Children are entering school with less developed self-regulation skills than in decades past. More children have experienced trauma, are emotionally fragile, and may be unable to control their emotional responses and act out in physical ways when they are upset. The good news is that through recent brain science research, we understand the physiology of strong emotion and have discovered that self-regulation skills can be learned at any age.
Self-regulation is the ability to recognize, manage and modulate one’s own emotions and emotional responses and behaviors. This set of skills may be the most important tools your students learn. Recent studies find that a child’s emotional intelligence, or “EQ”, is more important than their “IQ” for future success and happiness. We know that our classrooms run more smoothly when our students are regulated and have the ability to self-regulate when they begin to feel overly excited, stressed or disappointed. And, studies show that kids learn more easily when they are regulated, so it is empowering to know that we can teach them these skills!
Understand “Flipped Lids”. When humans feel strong emotions like anger or fear, the amygdala sends out a signal in the form of a neurochemical that throws our brains into survival mode. The higher level thinking part of our brains goes “offline”; reasoning, logic, the ability to plan, choose, or empathize all become inaccessible in that moment. Daniel Siegel calls this “Flipping your lid’. You can teach your students his model of “brain in the palm of the hand”.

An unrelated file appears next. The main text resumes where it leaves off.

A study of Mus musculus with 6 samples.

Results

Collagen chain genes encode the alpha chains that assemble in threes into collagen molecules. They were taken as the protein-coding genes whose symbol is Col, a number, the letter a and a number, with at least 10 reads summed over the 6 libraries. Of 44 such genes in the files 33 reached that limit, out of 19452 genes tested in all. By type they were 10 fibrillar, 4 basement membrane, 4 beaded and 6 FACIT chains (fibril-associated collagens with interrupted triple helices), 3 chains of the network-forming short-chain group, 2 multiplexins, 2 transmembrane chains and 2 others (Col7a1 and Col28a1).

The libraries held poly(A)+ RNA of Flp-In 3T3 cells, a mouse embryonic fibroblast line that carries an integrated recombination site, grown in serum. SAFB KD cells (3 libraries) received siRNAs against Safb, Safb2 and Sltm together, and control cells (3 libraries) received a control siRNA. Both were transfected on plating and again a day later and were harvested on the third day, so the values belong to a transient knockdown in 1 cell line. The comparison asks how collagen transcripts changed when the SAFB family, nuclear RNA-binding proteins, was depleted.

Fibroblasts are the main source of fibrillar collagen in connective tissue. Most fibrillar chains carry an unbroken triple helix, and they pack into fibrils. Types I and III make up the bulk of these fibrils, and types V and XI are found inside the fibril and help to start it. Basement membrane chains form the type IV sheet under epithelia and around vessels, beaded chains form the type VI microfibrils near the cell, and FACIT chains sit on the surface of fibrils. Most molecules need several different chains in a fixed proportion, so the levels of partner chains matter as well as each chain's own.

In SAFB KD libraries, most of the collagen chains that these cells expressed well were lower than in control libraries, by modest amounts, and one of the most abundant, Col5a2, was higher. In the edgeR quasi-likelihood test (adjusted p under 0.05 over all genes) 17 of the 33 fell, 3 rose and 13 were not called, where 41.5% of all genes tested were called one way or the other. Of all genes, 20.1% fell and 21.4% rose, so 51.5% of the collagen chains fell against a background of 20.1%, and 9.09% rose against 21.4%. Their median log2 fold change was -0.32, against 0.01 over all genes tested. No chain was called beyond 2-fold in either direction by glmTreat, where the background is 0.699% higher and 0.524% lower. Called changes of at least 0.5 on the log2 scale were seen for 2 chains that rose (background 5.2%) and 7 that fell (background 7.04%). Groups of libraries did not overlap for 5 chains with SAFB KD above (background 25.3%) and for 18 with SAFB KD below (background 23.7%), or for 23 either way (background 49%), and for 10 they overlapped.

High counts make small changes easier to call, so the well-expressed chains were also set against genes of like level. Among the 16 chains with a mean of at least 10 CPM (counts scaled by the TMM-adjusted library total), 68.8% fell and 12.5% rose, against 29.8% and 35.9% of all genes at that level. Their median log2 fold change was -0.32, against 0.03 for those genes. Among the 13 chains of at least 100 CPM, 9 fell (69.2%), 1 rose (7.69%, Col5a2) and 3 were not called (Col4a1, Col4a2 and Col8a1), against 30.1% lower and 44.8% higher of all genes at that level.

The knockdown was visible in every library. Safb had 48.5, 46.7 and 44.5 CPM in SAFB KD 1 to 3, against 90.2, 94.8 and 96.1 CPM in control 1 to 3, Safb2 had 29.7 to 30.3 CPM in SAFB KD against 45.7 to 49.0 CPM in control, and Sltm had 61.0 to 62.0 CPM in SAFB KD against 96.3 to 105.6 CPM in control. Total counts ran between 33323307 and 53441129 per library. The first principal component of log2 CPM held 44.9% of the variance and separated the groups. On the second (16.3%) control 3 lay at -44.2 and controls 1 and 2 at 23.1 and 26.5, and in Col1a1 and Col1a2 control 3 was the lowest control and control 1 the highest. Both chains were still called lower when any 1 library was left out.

Recognize the power of mirror neurons. Humans are hard wired to mirror what we see. If we teachers are trying to problem solve with kids who have “flipped their lids”, we may end up becoming “flipped” ourselves. If we can notice that the student’s lid is flipped, and can practice our own self-calming strategies, the student can co-regulate from our calm, which is their best chance to reconnect with their “thinking brain.”
Build Emotional Vocabulary: Books are great mediums to teach about emotions. Wonder aloud and discuss the feelings of characters in the books you read. Collect synonyms for our main emotions of sad, mad, glad and scared, which will inspire better writing and a more nuanced ability for students to name their own emotions. The ability to name our emotions is proven to calm our brains.
Exercise Self-regulation muscles: Teach activities that help children to sustain and regain calmness. Practice them again and again each day at regular intervals and when your classroom seems dysregulated. Remember that some of these should be active: walking, rhythms, jumping and cross body movement while others can be more meditative. Check out our self-regulation card pack – we’ve compiled 60 ideas in handy format.
Create a “Cool Down Space”: In some classrooms it is called Antarctica or the freezer…a place to “chill out”. Whatever your class decides to name it, it is a quiet refuge in your room with tools to help kids self-regulate. It is important that your class designs it, so that they feel ownership of this space. Your students may decide to include mindfulness books, soft pillows, stuffed animals, coloring pages or other tools. The cool down space is not used as a punishment, this corner is a place that a student can go to “regroup” and a place you might offer as a choice when you see that a student beginning to “flip”.
Relationship, relationship, relationship. We got into teaching because we wanted to make a difference. We care deeply! This is hard work, and sometimes, especially when we are stressed, our message of caring is not perceived by our students. Students need to know that you are on their side…even when they are struggling. Fostering caring relationships with your students, and among your students, is a powerful way to inspire the development of self-regulation skills. When we have a deep connection with another person, it releases oxytocin in our brains, promoting calm, closeness and openness. This is the state where students are best able to learn.